Humanizing Technology: A History of Human-Computer Interaction


The march of progress in computing is a climb. Each big step forward is also a step up, so that communication is further away from the machine, more on human terms.

And each time, the number of people who can use computing increases dramatically. At first, programming languages were the medium of communication between man and machine. Fortran, the breakthrough computer language, was designed to resemble the algebraic formulas familiar to scientists and engineers — reasonably enough, since they were the only people anyone could imagine using the relative handful of giant calculating machines back then.

Today, billions of people roam the Internet from computer phones they hold in their hands. Dramatic advances in hardware, of course, are a big part of the explanation, notably the flywheel of technological dynamism known as Moore’s Law, celebrating the chip industry’s ability to double computing power every couple of years (there’s a debate about whether the pace is tailing off, but that’s another story).

Yet there is another force in the striking democratization of computing beyond hardware, one that is more subtle but still crucial. That is the steady stream of improvements in the design of computer products, mainly software, which have opened the door to new users by making computers easier to use. The term most used now is “user-interface design.” But that suggests a narrower, product focus than the field that stretches back several decades, called human-computer interaction, which embraces psychology, anthropology and other disciplines.

“I think human-computer interaction designs have had as much impact as Moore’s Law in bringing the web and mobile devices to the world,” said Ben Shneiderman, a professor at the University of Maryland, College Park.

To try to raise the profile of prominent people in the field, Mr. Shneiderman last week published a web site for what he calls “The Human-Computer Interaction Pioneers Project.” It is a personal project for Mr. Shneiderman, who founded Maryland’s Human-Computer Interaction Laboratory in 1983, and is an avid photographer. The web page for each of his pioneers includes a brief text description and photographs, often several, that Mr. Shneiderman has taken of the person, at professional conferences and elsewhere over the years.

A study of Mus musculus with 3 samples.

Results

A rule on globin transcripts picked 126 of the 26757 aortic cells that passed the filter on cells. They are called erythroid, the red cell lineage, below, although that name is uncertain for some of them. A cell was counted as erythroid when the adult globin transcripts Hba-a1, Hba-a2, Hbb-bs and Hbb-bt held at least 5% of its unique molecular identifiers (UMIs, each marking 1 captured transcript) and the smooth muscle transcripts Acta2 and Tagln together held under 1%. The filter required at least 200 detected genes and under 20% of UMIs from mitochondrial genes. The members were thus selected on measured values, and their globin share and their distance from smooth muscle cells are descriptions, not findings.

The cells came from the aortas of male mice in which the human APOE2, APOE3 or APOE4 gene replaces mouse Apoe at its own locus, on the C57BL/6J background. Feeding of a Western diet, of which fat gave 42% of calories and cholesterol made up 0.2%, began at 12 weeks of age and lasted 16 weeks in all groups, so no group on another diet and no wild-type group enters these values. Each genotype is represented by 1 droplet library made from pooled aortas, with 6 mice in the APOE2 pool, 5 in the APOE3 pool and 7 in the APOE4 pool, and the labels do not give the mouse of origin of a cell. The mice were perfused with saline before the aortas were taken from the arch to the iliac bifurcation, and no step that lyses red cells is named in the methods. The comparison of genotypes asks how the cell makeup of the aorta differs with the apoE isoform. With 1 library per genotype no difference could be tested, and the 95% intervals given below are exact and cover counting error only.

He is starting with 45 subjects, and plans to add more. Some of the people featured are familiar names in computer history like Douglas Engelbart (computer mouse), Alan Kay (laptop) and Ted Nelson (hypertext). But many others are not. And going through the list, and talking to Mr. Shneiderman, it becomes clear how much the field has evolved over the years and its broad influence in business these days.

His list includes scientists like Sara Bly, who was early to move beyond lab settings to study how people actually use technology at work and at home, and Jennifer Preece, who has researched online communities and how design choices affect social behavior.

The best people in the field, Mr. Shneiderman said, possess “a deep knowledge of technology and a real sensitivity to human needs.”

Getting out in the field to see how people really use products and seeking to empathize with customers rather than merely exploit are becoming priorities in the tech industry and beyond. They are key ingredients in two of the most popular management trends today: lean start-up techniques and design thinking.

The latter is being embraced by Charles Phillips at Infor, a large business software company, and by Virginia M. Rometty at IBM. Design thinking is the theme of the September issue of The Harvard Business Review, with a collection of articles on the subject. One of Mr. Shneiderman’s human-computer interaction pioneers, Donald Norman, is also a prominent design-thinking consultant.

The A/B testing that is a common practice at major Internet companies like Facebook, Amazon and Google is a form of human-computer research. In A/B tests, different features or web-page layouts are presented to different groups of users — often samplings of millions at a time — and observing how they react.

Programming remains central to the profession of human-computer interaction. Mr. Shneiderman’s lifetime achievement award from the Association for Computing Machinery, the largest computing professional society, is for his work on “direct manipulation” software that helped enable hyperlinks and touchscreen keyboards. (He included himself among the 45 human-computer interaction pioneers.)

But the field, Mr. Shneiderman said, is once again headed further up, away from the machine. The goal of tomorrow’s software, he suggests, will be less on features on a web site or smartphone and more on design that encourages better outcomes for individuals and society in, say, education or health care.

“The future lies in these social designs,” he said. “Design to encourage trust, empathy and responsibility, while protecting privacy. That’s the next big thing.”